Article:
Anger is a fundamental human emotion that all people have. It is usually triggered when we have felt attacked or mistreated or perhaps when our values and beliefs have been challenged. It is experienced both emotionally and physically and is often felt as a surge of energy through the body as the adrenal glands release chemicals such as adrenalin to heighten awareness, make us alert and get us ready to respond to a potentially threatening situation. This process of becoming primed to ‘fight’ or ‘flee’ from a perceived threat is both inborn and automatic and is often known as the ‘fight or flight’ response.

The purpose of anger as with any other feeling or emotion is to give us information about what is happening to us at any given time. In the case of anger, its primary purpose is to inform us that there is a problem and to supply the energy to motivate us to take the necessary steps to resolve the situation.

People’s experience of anger varies tremendously. Some people find it extremely difficult to feel their anger at all and may experience themselves as the victim of other people’s aggressive behaviour, whilst others will struggle to control it and may find themselves intimidating those around them.

Whilst some people experience anger as constructive, others will experience it as threatening and destructive. The way a person thinks about and experiences anger both in themselves and in others will usually be determined by what they have come to believe about anger so far in their lives, beginning in their childhood.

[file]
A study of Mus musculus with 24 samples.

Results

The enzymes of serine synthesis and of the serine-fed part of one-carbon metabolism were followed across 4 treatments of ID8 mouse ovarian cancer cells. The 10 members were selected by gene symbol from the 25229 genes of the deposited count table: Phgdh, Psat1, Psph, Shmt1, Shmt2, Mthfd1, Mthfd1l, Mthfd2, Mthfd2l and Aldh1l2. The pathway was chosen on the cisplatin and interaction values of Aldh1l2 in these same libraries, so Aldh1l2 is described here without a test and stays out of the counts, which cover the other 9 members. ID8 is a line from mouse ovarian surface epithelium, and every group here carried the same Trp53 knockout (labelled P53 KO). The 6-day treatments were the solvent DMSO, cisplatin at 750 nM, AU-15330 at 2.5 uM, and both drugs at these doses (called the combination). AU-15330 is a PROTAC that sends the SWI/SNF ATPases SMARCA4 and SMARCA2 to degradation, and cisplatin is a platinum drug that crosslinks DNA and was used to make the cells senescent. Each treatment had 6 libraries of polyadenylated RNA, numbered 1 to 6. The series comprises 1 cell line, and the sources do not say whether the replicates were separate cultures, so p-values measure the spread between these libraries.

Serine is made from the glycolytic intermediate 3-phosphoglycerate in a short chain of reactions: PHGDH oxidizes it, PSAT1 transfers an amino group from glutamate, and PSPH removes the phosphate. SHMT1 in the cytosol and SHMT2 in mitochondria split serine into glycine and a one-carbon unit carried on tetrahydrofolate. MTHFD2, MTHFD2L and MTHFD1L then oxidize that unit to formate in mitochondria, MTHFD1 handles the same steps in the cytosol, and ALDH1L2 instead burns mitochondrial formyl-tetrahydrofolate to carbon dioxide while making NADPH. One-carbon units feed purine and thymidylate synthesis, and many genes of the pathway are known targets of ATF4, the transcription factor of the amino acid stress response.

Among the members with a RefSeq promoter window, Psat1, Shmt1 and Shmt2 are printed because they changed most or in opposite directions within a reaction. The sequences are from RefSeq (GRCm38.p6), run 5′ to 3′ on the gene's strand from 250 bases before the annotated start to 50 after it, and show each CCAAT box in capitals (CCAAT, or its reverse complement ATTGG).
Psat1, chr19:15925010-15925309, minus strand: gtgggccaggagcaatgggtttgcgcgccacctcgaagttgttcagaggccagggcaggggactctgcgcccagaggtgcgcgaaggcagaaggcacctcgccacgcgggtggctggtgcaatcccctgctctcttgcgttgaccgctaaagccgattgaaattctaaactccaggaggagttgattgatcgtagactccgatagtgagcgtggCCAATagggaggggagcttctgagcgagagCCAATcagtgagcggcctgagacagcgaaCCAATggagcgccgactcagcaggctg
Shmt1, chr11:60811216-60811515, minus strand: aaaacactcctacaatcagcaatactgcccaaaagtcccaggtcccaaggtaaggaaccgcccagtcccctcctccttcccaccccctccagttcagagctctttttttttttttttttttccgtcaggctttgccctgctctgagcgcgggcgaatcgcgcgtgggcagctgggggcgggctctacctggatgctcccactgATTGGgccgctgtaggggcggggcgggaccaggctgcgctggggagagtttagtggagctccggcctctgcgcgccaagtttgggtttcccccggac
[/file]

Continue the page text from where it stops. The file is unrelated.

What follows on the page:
Anger is both necessary and useful and at its best can be an appropriately assertive response to certain life situations. It can support a healthy refusal to be treated badly and be a protective instinct towards ones family and loved ones. However, if managed badly it can be destructive. When it is suppressed, people can feel vulnerable and left open to abuse and attack. When it is out of control, it can damage relationships with loved ones and work colleagues, lead to intimidating and violent behaviour and a range of health problems.

When working with anger the purpose is to find the most creative and positive use for it in situations where it can be appropriately employed and to address those situations where the purpose of anger gets lost and it becomes a more negative and destructive influence.